Meg Murray of Burnham on Crouch.
The winner of the British International Championship Club young bird race from Guernsey in the Channel Isles is a Lady Fancier by the name of Meg Murray, who is much respected, locally and nationally for her formidable racing performances.
Originally from Edinburgh, Meg and her late husband John began their married life and raced pigeons together in the Bonnyrigg Homing Society with the Midlothian Federation. When I asked if she liked the pigeons at that time she replied that she had little choice, because Johns work took him away from home for long periods and she would be left to care for the birds in his absence.
John was a builder by trade and had to work away often, but after a while they decided to move to Reading to be nearer Johns work. They flew pigeons there for a few years, only to move once again to the Tyne & Wear area for the same reason and flew pigeons in the North East for a further 16 years.
Once retired in 2001, John and Meg came to Burnham on Crouch to visit their son who had settled in the area. They liked what they saw and decided to make one final move and bought a property nearby. Being a builder, John would choose his prospective house purchases by the garden alone, ensuring it was suitable for a pigeon loft first, as he could make any alterations required to the house himself. Once they had moved into their new home, a loft was erected, facing south, in the large garden and they began to race their pigeons once again.
But sadly John passed away in 2005 and Meg continued to race their pigeons alone, spending most of her time within the spotlessly clean loft with her birds. Maybe this is the secret to her success. She obviously has a great affection for her birds which have rewarded her with many seasons of success in Club, Federation and National level.
Meg said the encouragement given to her by local friends and fanciers, ensured she would carry on with the loft alone. As her husband’s illness prevented him from having a great deal of involvement with the birds, it was support greatly appreciated. Indeed it has continued through the years with friends helping to train her birds – Lee came to collect some whilst I was there.
The pigeons used to be raced on the widowhood system but Meg did not like keeping the hens locked away all week. So although it proved successful, Meg prefers to race both partners. She says the pigeons are happier being trained and raced together.
Through the racing season they are separated and exercised on the roundabout system. After their exercise the pigeons enter the loft through open doors, into the corridor within, and are then moved along to their separate sections and are only allowed to see their partners after the race. Interestingly, all the pigeons are sent to the races each week.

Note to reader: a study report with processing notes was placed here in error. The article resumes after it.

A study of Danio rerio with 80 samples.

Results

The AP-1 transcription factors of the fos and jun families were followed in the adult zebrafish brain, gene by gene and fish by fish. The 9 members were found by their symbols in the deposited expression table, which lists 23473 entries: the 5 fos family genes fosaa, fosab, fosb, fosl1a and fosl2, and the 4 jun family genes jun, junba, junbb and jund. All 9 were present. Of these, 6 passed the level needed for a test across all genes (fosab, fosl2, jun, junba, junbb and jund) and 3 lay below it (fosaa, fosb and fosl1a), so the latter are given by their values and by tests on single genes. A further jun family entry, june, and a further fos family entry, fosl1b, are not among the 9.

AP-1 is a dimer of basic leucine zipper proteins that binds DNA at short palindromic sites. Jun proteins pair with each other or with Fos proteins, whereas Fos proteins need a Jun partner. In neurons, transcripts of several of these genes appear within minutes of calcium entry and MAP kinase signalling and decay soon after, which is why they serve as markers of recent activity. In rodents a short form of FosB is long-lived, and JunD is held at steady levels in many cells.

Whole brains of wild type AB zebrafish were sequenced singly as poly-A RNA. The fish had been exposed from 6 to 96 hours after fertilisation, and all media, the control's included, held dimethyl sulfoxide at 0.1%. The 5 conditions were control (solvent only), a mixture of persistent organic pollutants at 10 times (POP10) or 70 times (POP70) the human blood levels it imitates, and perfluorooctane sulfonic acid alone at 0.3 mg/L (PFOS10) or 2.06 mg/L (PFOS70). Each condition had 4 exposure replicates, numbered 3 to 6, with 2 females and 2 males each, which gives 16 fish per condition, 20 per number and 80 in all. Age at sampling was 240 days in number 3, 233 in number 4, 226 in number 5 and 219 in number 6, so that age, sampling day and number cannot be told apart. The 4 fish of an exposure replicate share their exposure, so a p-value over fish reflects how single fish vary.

The 30 old birds are paired in January after the Blackpool show and allowed to rear youngbirds for racing. They are repaired again later in the season to help to delay the wing moult of the hens in preparation for the any age races. In fact, they were sent to this race with eggs hatching and will be in a very favourable condition for the next race from Falaise in two weeks time.
They are fed a measured amount of Gerry Plus, in a communal trough although it will be mixed with Best All Round if a stronger mix is required in preparation for the races. Also a food pot containing Breed and Wean mixture is placed in each nest box during the breeding period along with a nest bowl wrapped in newspaper to help to keep them clean and warm.
The 30 youngbirds bred each year are raced on the darkness system which Meg places then on as late as possible in March until the middle of June, and at the end of July, lights come on at 4am, on a set timer, until the end of the racing season. This increases the day length by extending the morning hours, and the pigeons go to roost in the evening when the natural daylight fades. Also, Meg was advised to use Cat Litter as a floor dressing in the young bird section to help to keep them healthy and she has been very happy with it.
The National wining youngsters sire is a two year old racer bred from ‘Sooty’ and ‘Mealy’ – two stalwarts of the stock loft whose offspring have topped the results sheet many times. ‘Sooty’ was a superb 2003 Wildermeesch which originated from the loft of Woofe, Son and Daughter, and ‘Mealy’, a 2004 Janssen Jan Loots hen, was bought at auction. Sadly Sooty died earlier this year but his hen, paired to a nice young cock is still managing to produce great youngsters.
The dam is bred from another pair of super stock birds which came from the loft of Lee Bastone, who is a friend and fellow club member. Lee has won lots of races including the BICC but limits the number of birds he keeps; so when he had decided to try something new, Meg was given this fantastic pair of birds.
The couple, which is a direct Willy Thas cock via the late Frank Tasker, paired to a Staf Van Reet hen down through a pigeon called Radar, have bred winners for Lee, including a Combine winner from Exeter, and a grandson gained 9 firsts at club level and 3 Thames wins. One young bird, given to a futurity sale, won the North Road Amal from Berwick and a daughter won the West Durham Amal from 9,300 birds. A truly superb pair of birds that have given Meg winners at club and Thames level over recent years.
Upon entering the loft, Meg stepped into the corridor and touched a plaque attached to the wall. It read “John Ashcroft Murray”. Meg explained it was once attached to a wooden cross used to mark her late husbands grave prior to the headstone being installed. She touches it every time she enters the loft in memory of her late husband and racing partner.